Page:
Mini Budget: Kwarteng's clean break
Many of the measures announced by Kwasi Kwarteng today had already been all but confirmed by rumour and leak over the last few weeks. These included the reversal in the national insurance contribution increase introduced by Kwarteng’s predecessor, Rishi Sunak, and the cancellation of the planned 6 per cent increase in corporation tax.
Both announcements will no doubt be welcomed by the north west’s business leaders, particularly the national insurance reduction, which will impact positively on both employers and employees.
More surprising, although itself subject to some rumour recently, was the confirmation that the planned 1 per cent reduction in the basic rate of income tax is being brought forward to April 2023. Again, this will be welcomed by many. Whereas the energy price guarantee has alleviated some cost-of-living concerns, upward price pressures are expected to continue for some time yet. So a reduction in income tax will put more money back into consumers’ pockets at a critical time.
The parallel cancellation of the additional rate of income tax of 45% was however much more of a surprise. This is the 5% tax rate that only impacts people with incomes in excess of £150,000. With this measure, together with the removal of the cap on bankers’ salaries, Kwarteng risks being accused of helping the already wealthy. This accusation may be tempered by the 1 penny reduction in the basic rate of income tax, which will positively impact many more people, but it’s a political risk nonetheless.
Other interesting items confirmed today included the simplification of the off-payroll workers regulations (so-called IR35 rules). These have become something of a burden for businesses over the last few years, so the repeal will be welcome, as will the decision to leave the Annual Investment Allowance permanently at £1m. This allowance enables businesses to take full relief for the first £1m of capital expenditure they incur. Kwarteng’s hope here is that this will continue to encourage businesses to invest in new and more efficient technology.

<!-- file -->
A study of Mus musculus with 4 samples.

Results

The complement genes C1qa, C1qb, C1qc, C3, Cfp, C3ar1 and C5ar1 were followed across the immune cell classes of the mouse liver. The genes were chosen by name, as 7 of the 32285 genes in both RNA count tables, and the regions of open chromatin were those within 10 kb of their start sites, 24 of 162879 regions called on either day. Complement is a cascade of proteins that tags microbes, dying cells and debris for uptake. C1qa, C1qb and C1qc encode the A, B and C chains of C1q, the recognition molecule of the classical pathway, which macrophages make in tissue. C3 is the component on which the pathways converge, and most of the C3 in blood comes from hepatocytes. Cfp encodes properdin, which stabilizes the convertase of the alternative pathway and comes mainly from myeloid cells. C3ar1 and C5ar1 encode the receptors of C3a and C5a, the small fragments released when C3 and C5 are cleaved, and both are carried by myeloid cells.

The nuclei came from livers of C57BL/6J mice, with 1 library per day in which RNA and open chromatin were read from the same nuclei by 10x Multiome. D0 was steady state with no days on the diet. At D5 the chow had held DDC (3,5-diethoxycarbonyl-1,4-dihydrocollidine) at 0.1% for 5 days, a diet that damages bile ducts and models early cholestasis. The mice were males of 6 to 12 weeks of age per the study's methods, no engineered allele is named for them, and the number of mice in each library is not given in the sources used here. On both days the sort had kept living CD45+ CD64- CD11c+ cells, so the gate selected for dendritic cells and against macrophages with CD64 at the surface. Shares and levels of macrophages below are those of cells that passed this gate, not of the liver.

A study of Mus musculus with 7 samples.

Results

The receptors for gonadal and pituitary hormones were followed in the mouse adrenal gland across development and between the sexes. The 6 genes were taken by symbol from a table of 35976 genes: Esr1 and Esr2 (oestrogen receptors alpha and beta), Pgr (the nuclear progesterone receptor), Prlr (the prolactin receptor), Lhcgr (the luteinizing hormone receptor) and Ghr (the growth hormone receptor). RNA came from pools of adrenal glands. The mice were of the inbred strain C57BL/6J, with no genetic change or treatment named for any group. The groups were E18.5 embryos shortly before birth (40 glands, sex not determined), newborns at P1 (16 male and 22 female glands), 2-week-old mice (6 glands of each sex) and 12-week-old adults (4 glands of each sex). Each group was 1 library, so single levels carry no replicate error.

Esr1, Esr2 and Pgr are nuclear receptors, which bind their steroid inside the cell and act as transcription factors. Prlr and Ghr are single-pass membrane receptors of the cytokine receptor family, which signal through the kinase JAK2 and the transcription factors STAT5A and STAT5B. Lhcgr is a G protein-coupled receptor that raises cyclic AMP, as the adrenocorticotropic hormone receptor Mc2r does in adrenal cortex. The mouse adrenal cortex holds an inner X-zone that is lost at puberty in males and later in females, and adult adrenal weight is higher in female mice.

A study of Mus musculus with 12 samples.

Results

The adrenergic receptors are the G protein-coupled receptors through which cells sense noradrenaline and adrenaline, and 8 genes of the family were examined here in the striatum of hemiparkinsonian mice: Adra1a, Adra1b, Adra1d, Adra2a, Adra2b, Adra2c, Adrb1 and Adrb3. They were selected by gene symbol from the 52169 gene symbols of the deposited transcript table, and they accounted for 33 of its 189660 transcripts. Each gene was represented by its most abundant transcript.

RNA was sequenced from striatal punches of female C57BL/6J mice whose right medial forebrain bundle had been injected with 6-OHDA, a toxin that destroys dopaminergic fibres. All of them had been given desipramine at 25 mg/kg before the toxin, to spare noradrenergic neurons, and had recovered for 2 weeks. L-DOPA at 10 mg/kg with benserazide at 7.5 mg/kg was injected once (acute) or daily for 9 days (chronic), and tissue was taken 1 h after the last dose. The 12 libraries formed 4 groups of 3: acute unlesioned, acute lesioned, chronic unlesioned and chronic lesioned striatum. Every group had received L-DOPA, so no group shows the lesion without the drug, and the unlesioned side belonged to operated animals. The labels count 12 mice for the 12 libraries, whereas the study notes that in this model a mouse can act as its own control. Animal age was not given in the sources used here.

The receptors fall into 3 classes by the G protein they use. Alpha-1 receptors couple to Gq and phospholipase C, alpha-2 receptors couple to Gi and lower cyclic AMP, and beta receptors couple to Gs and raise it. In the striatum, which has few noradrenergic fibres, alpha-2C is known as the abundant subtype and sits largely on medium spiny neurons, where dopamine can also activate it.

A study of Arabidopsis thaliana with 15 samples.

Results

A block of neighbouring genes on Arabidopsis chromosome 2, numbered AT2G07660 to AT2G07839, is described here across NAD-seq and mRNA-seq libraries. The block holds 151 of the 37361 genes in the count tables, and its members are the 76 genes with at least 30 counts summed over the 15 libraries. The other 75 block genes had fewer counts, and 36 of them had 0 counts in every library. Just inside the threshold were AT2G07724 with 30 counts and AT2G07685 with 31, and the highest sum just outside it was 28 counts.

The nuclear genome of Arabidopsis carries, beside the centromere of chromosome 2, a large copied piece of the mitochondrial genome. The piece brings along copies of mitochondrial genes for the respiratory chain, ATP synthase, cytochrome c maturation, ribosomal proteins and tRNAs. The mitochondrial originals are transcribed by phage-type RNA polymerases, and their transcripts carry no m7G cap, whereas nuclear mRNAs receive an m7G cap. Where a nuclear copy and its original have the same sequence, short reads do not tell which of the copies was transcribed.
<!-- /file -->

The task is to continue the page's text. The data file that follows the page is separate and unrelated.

How these tax cuts impact already increasing inflation rates remains to be seen. And that will no doubt be the challenge facing Truss and Kwarteng over the coming months: how to decouple increased spending power that comes with tax cuts from the inflationary pressure this spending power creates.
Overall then, Kwarteng’s first outing as chancellor contains steps that many will see as positive. But anyone who has been paying close attention over the last few years cannot fail to have noticed that, whereas today’s measure do indeed cut existing tax rates, these are to some extent simply reversals of very recent tax hikes. It looks great for the headlines, no doubt with one eye on the upcoming general election. However, there is no escaping the fact that the tax burden on north west businesses and families remains high.
Of course, Truss and Kwarteng have a difficult path to tread, needing to fund cash-hungry public services while delivering vote-winning tax cuts. But today’s mini-budget does look like the beginnings of a return to more Conservative-like fiscal principles, and represents a clean break with Johnson, Sunak and Co.